Neither an Amoni nor a Moavi may enter the congregation of Hashem… because they did not greet you with bread and water… and because he hired Bilaam ben Be’or… to curse you. (23:4,5)


Horav Nissan Alpert, zl, responds to the first question concerning these nations lack of kindness. First of all, giving bread and water to the Jews would have been an act of self-preservation for them. The Jewish People had succeeded in vanquishing all their enemies. Any nation that stood in their way became history. If these nations would have had an ounce of common sense, they would have bent over backwards to serve the Jews. Yet, they refrained from doing so. Why? Hatred. They harbored an animus so intense that they were prepared to die, rather than supply the Jews with bread and water.

It was not their lack of chesed which deemed them unacceptable as Jewish converts; rather, it was their intense loathing of the Jewish People, with an implacable hatred that was revealed when they refused to help the Jews in their time of need. Their hatred was so acute that it superseded man’s innate desire for self-preservation. This is not natural. This is much more – and far deeper – than a character flaw. This is an indication of an abnormality in their DNA. We can do without such additions to the fold.

On the other hand, we should say something in their defense. The Rosh Yeshivah observes that at least they were a people of principle. They refused to act contrary to their feelings. If they hated us, they would absolutely not feed us – even if it might cost them their lives. To them, a life without principles was of no value. If they hated someone, they would do absolutely nothing to ameliorate their hatred by acting kindly. One does not act kindly towards someone whom he hates.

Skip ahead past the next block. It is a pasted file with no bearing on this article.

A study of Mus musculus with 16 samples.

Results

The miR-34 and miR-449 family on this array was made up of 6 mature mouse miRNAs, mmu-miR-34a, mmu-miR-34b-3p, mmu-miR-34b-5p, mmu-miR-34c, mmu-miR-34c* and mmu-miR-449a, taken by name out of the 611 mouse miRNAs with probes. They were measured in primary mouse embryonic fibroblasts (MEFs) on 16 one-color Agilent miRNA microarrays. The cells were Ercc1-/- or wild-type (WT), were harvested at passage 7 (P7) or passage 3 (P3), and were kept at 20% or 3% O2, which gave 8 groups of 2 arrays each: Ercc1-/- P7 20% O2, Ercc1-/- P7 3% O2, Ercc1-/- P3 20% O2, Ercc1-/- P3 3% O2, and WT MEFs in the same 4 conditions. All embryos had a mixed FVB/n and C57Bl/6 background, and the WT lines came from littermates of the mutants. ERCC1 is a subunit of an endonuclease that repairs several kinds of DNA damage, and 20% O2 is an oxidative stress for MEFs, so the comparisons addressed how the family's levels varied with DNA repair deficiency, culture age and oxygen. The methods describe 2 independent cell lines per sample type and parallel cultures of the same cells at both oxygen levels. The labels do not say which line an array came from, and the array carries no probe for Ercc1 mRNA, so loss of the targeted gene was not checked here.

This defense of Amon and Moav conjures up a question: their internal struggle with hypocrisy would last only until they became Jewish. Once they converted, they could no longer hate Jews. No more contradictions. So, why not allow them to convert? This is where reason number two, hiring Bilaam to curse the Jews, comes into play. It shows that they had no principles. Not only were they filled with hatred towards the Jews, they were thoroughly flawed inside and out – with no principles to speak of.

Moav was not the first nation to hire Bilaam to curse their enemy. Sichon hired Bilaam to curse his enemy: Moav. Yes, Moav was the subject of Bilaam’s cursing – and he fared very well. Moav was defeated by Sichon. They had every reason to despise Bilaam. As people of “principle,” they should have abandoned the despicable Bilaam for what he did to them. Not only did they not revile him, they honored him and threw all kinds of money at him for one purpose: to curse Klal Yisrael. They could be very proper, even respectful and kind, when it was for their own benefit. They were hypocrites of the lowest order. Their hatred for the Jews knew no bounds. They were prepared to coddle the contemptible Bilaam as long as he would curse the Jews. This attitude manifests more than a character flaw. This is an indication of a profound pathology in their souls. People who maintain such a condition cannot coalesce with the Jewish People.